This article is about emulators for mobile site testing (originally from makeuseof.com). About the author: Sandy Stachowiak is a freelance writer, IT project manager, and team supervisor from Florida who loves writing about technology. Image courtesy Scanrail via Bigstockphoto.
In the past, we have looked at reasons and ways for testing your website, whether business or personal, on multiple desktop browsers. The importance of testing your site on different browsers ensures that your site looks and behaves correctly, no matter which browser it is being viewed on.
The same goes for mobile browsers and may even be more crucial these days, as many people employ the use of responsive web design. This concept, in a nutshell, provides a website that will look and behave well on all mobile devices, regardless of size. With so many different types of cell phones and tablets, designing your site to only accommodate one device is a huge mistake.
Here is what Eric Fischgrund, Marketing and Communications Professional, has to say about the importance of this concept in a recent Huffington Post article:
Content often needs to be rewritten, too. For smaller devices you want concise, easy to understand text. Images should be smaller in size. Responsive design is about enhancing the users’ experience by anticipating their needs.
With all of this in mind, no one expects you to purchase and maintain every device available. And it is important to note, that as new devices are produced and sold, it would be impossible to keep up with that method.
Enter, the mobile emulators. These handy tools allow you to not only view, but in most cases navigate through your website through the “eyes” of different devices. Each of these emulators works well and is available for free.
Mobile Phone Emulator
The Mobile Phone Emulator site allows you some good flexibility for testing your website. You can choose which device to view your site on and switch between them all for review. Although it does not contain a complete list of devices, you can find popular ones from Apple, Samsung, LG, Blackberry, and HTC with screen sizes listed for each. You can also choose to view your site in both portrait and landscape views on the devices.
Once your website is displayed on the device, you can click different articles, navigation, or menus to see how each area looks. You can also choose to view the device in its “real” size or to fit your browser window. Mobile Phone Emulator is a really nice, free option for mobile browser testing.
Responsinator will display your website on various devices all in one view. There are not many devices options, but you can view your site on a few recent iOS and Android devices in both portrait and landscape views. Each has scroll bars for viewing the entire page and again, you can click links on your site from the devices to check out the navigation and other pages.
Responsinator is available for free, but if you would like to create your own Responsinator, that option is there for either $6 monthly or $60 yearly. If you do a lot of responsive design yourself, then this might be a good option for you to look into further.
ResponsivePX may not be as pretty as the other options, but it does the trick. Rather than choosing from different devices, you select the screen size. Adjust the width and the height and the screen display will adjust as you go.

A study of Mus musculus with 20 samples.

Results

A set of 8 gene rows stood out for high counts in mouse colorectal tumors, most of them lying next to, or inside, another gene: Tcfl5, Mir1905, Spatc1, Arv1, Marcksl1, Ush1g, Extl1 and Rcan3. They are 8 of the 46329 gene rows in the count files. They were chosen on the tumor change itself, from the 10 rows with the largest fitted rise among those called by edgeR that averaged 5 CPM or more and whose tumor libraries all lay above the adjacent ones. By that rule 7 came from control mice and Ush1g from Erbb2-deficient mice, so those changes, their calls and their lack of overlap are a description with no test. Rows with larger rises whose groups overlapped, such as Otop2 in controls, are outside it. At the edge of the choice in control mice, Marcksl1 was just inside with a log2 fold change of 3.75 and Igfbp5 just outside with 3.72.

You can choose to show a scrollbar, which really could just be there by default, but it helps you move around the page of your site. Each element can be clicked on your site so that you can view the navigation and different pages easily.
ResponsivePX is a decent option for mobile testing and considering you can adjust the screen size to 3000 by 3000, it could be used for more than mobile viewing.
The Matt Kersley site is again, not as nice-looking as some others, but you can see your website in four different mobile device views. Device sizes include a small phone and tablet as well as iPhone and iPad. Each has scrollbars and allows you to click your site elements for further testing like those above.
iPad (and iPhone) Peek
For testing on iOS alone, iPad Peek shows both the iPad and iPhone views of your website. You can quickly switch between the tablet and the phone and also between portrait and landscape views.
Just enter your URL onto the device and test away. As with the other emulators, iPad Peek lets you move through your site pages and navigation for a complete experience.
MobiReady has until recently been an excellent tool, however, the site seems to be experiencing some problems currently. I want to include it in case their issues are fixed soon, because it really is a good emulator. Not only does it display your website, but also provides some useful testing information.
You can check out analyses and reports along with various test results showing graphs, fails, and passes. The devices shown are limited to a few different phone sizes along with a desktop view.
But the other information is really what is the most helpful on MobiReady. Hopefully the site will be back in action soon so that you can give it a try.
Is Your Site Ready for Mobile?
Do you use responsive web design to make sure your site is mobile-ready? What about your testing; do you check out your website using an emulator like one of these?
Maybe there is another free emulator that you think works better than all of these. If so, please share your suggestions with everyone in the comments below.